Heading into the second decade of the 21st century, we constantly hear about how social media, geolocation, mobile apps and similar technological innovations are changing the way we interact with each other. But how are they changing the way we interact with our governments (particularly local governments)? Are they offering new opportunities for civic engagement? Are they changing the way residents view their role in local government, creating new opportunities for citizen involvement? Or are they cementing old ideas of citizens as customers by facilitating the delivery of government services?
These questions are of particular interest to those of us at the Davenport Institute for Public Engagement and Civic Leadership as we seek to help solve public problems by promoting citizen's participation in governance. We have created this blog to provide up-to-date information relating to what is being called "Government 2.0." We hope what you find here will help local governments and their residents make the most of the technology available for genuine citizen engagement.
New to Gov 2.0? Check out our foundational documents »
Three mobile applications from around the world have made it to the final round of the New Cities Foundation’s AppMyCity contest:
- PublicStuff, from New York City, USA, helps local governments turn civic inquiries into tangible community improvements, by enabling residents to connect to their representatives through mobile phones, laptops, and tablets.
- BuzzJourney, from Kfar-Saba, Israel, is a social transportation app that provides information on all means of urban transportation including bus, train, taxi, bike rental and even car sharing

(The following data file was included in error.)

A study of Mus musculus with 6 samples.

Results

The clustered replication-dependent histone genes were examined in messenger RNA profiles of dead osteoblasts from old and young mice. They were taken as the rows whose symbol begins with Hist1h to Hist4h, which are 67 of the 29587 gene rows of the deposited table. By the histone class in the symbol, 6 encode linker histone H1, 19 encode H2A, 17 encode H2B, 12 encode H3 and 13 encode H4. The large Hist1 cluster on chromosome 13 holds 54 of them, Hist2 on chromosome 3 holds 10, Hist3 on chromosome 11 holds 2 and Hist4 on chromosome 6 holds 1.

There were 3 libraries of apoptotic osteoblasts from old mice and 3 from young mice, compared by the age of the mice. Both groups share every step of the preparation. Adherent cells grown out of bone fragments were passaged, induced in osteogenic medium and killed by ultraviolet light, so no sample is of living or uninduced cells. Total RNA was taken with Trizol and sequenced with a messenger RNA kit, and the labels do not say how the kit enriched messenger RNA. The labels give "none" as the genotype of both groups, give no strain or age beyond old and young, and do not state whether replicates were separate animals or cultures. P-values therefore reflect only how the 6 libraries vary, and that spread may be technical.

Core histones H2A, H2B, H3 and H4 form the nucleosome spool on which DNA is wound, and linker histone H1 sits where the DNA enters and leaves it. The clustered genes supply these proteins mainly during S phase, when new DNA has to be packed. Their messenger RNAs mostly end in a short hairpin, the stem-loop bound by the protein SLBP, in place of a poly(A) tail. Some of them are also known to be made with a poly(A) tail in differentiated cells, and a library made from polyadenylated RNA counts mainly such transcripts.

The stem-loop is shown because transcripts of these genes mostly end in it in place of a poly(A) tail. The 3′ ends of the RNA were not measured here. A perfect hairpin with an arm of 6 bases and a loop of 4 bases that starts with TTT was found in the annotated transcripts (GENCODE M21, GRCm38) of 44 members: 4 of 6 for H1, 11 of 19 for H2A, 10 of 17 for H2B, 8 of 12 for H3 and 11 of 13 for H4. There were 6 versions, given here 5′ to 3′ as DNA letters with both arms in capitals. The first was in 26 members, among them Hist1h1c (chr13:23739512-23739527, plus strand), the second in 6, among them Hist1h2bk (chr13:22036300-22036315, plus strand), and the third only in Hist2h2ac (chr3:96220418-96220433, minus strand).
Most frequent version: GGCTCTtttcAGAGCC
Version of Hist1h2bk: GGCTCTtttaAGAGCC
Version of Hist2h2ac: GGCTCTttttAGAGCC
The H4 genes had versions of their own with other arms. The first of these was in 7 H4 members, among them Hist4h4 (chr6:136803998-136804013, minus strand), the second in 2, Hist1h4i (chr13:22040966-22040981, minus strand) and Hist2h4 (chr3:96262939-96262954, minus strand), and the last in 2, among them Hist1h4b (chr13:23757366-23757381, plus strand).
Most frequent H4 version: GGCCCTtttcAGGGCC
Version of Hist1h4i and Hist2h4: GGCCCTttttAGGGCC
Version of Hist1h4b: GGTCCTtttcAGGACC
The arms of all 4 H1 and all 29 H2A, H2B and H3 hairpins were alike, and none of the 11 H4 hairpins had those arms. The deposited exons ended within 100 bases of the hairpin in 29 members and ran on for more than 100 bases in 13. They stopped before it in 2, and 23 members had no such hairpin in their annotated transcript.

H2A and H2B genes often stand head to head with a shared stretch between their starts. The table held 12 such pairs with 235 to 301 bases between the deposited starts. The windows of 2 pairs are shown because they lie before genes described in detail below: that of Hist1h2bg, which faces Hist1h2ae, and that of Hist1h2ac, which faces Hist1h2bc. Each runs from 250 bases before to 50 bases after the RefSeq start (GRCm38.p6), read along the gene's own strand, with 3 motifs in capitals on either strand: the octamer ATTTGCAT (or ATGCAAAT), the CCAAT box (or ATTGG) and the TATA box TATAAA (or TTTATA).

- Walkability, from Delhi, India, crowd-sources data on walkability to inform the government on how to create more pedestrian-friendly urban spaces.
You can read more about the contest here.
An interesting project at the Ash Center of Harvard’s Kennedy School directed by Stephen Goldsmith looks at how open data is changing the face of government in a variety of areas including public safety, civic engagement, public works, and health and human services:
Data-Smart City Solutions is working to catalyze local government efforts to more effectively solve local problems through the use of integrated, cross-agency data combined with community data to better discover and preemptively address civic problems. The initiative is designed to offer city leaders a national depository of working analytics methodologies and to connect leading industry, academic, and government officials in the field.
You can explore the website and featured projects here.